The Essential Guide to Cargo Damage gives you an indepth explanation into the types of cargo damage. Global trade involves the movement of cargo in ships from point to point across continents and the vast oceans. Seaborne trade accounts for almost 90% of the global trade, and with such a volume, it is inevitable that cargo damage may occur from time to time.
There are several people in the business of trading, who do not know or understand the types of cargo damage, how it happens, why it happens, how to prevent cargo damage and what needs to be done when faced with a cargo damage claim.Michael Vouge, warehouse selector, YourDeliver
The Essential Guide to Cargo Damage is recommended for exporters and importers (whether first time or regular), traders, packing warehouses, shipping lines, transporters, cargo, freight claim handlers and freight forwarders.
Shipping, freight, and logistics are all part of the dynamic global transportation industry.. Whichever mode of transport you use, even the most meticulously planned shipment can go awry either due to natural disasters or man-made errors.. Cargo damage is one such disaster that not only gives rise to product and financial losses, but could also affect the relationship between customers and their service providers.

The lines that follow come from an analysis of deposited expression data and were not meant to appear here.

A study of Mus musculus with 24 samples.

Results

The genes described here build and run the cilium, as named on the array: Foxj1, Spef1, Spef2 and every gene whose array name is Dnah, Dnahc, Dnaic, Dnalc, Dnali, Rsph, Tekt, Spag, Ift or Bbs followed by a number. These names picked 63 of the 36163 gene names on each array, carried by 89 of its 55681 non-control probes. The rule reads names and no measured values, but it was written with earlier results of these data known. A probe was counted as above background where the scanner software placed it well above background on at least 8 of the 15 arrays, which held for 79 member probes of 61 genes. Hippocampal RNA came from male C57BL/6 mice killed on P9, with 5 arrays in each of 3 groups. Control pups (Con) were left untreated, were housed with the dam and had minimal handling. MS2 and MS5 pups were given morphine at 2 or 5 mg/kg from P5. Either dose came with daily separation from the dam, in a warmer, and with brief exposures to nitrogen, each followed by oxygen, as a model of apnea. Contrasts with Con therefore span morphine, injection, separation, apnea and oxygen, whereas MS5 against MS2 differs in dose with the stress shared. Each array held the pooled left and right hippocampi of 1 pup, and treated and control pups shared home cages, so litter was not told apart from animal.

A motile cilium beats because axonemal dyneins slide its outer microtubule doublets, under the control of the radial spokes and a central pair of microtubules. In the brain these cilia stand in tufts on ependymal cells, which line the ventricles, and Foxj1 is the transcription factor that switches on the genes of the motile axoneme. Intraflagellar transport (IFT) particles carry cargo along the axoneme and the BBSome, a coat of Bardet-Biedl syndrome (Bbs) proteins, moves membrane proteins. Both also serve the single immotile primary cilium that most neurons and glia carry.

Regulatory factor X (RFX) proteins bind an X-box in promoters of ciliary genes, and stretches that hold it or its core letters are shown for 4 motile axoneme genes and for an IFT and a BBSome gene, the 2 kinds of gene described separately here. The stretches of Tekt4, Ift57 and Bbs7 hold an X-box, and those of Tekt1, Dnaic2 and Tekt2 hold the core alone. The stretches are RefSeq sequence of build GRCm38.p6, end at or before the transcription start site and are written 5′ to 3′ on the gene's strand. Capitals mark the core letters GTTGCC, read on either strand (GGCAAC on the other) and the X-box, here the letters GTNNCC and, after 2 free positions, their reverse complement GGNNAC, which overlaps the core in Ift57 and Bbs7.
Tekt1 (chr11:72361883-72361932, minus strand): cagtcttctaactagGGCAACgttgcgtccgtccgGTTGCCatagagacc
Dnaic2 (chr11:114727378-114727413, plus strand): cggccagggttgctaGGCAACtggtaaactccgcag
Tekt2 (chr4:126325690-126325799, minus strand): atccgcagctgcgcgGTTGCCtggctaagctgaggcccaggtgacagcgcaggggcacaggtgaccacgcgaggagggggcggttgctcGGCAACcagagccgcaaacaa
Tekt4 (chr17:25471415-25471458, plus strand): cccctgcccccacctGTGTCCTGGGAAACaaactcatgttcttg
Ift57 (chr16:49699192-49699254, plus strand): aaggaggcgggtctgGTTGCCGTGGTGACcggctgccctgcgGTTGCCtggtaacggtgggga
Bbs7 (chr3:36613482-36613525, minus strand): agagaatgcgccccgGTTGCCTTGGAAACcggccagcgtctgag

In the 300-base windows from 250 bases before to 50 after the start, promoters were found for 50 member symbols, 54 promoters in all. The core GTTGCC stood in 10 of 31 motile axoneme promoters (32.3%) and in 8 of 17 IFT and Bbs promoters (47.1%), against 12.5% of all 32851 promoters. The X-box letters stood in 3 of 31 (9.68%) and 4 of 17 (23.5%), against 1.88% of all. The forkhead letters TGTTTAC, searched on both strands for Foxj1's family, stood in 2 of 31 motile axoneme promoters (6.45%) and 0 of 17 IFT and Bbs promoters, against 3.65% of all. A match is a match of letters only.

Cargo damage may happen at any stage in a shipment cycle. It may happen while cargo is in the possession of the seller, while cargo is being packed into a container, while cargo is being loaded onto a truck, cargo is in transit by sea, road or rail, while cargo is being offloaded at delivery, while cargo is in the possession of the buyer. Physical damage is when the cargo is damaged physically or causes physical damage to other assets or property as shown in some examples below.
Similarly, if the delivery is required for an installation in new construction or as a repair or replacement. For example, if you are shipping a stainless steel fermentation tank to a new brewery, it needs to arrive when the construction team needs it so that it can be installed and not cause delays to their build-out schedule.
The standard guaranteed delivery is a 5:00pm guarantee, meaning that your freight must be delivered by 5pm on the date of delivery you specify. The 5:00pm guarantee is the most common and most used guarantee. Another commonly used guarantee is the 12 Noon guarantee, where your freight must be delivered by 12 Noon on the specified date of delivery.
When you are shipping to a retailer that has strict delivery window requirements, or a MABD (Must Arrive By Date). Missing these delivery dates and / or times may result in chargebacks of around 3% of the value of the purchase order. So if an order valued at $50,000 was early or late, you’d pay a $1500 fine. Paying extra for guaranteed LTL shipping is a small investment.
Some will bury the transit time calculator deep within their website, when transit times are lengthy, choosing instead to focus on low cost, low claims ratio, etc. Either way, all LTL carriers have something in common as they do not include the day of pick up in their transit time calculations, nor do they include weekends or Holidays.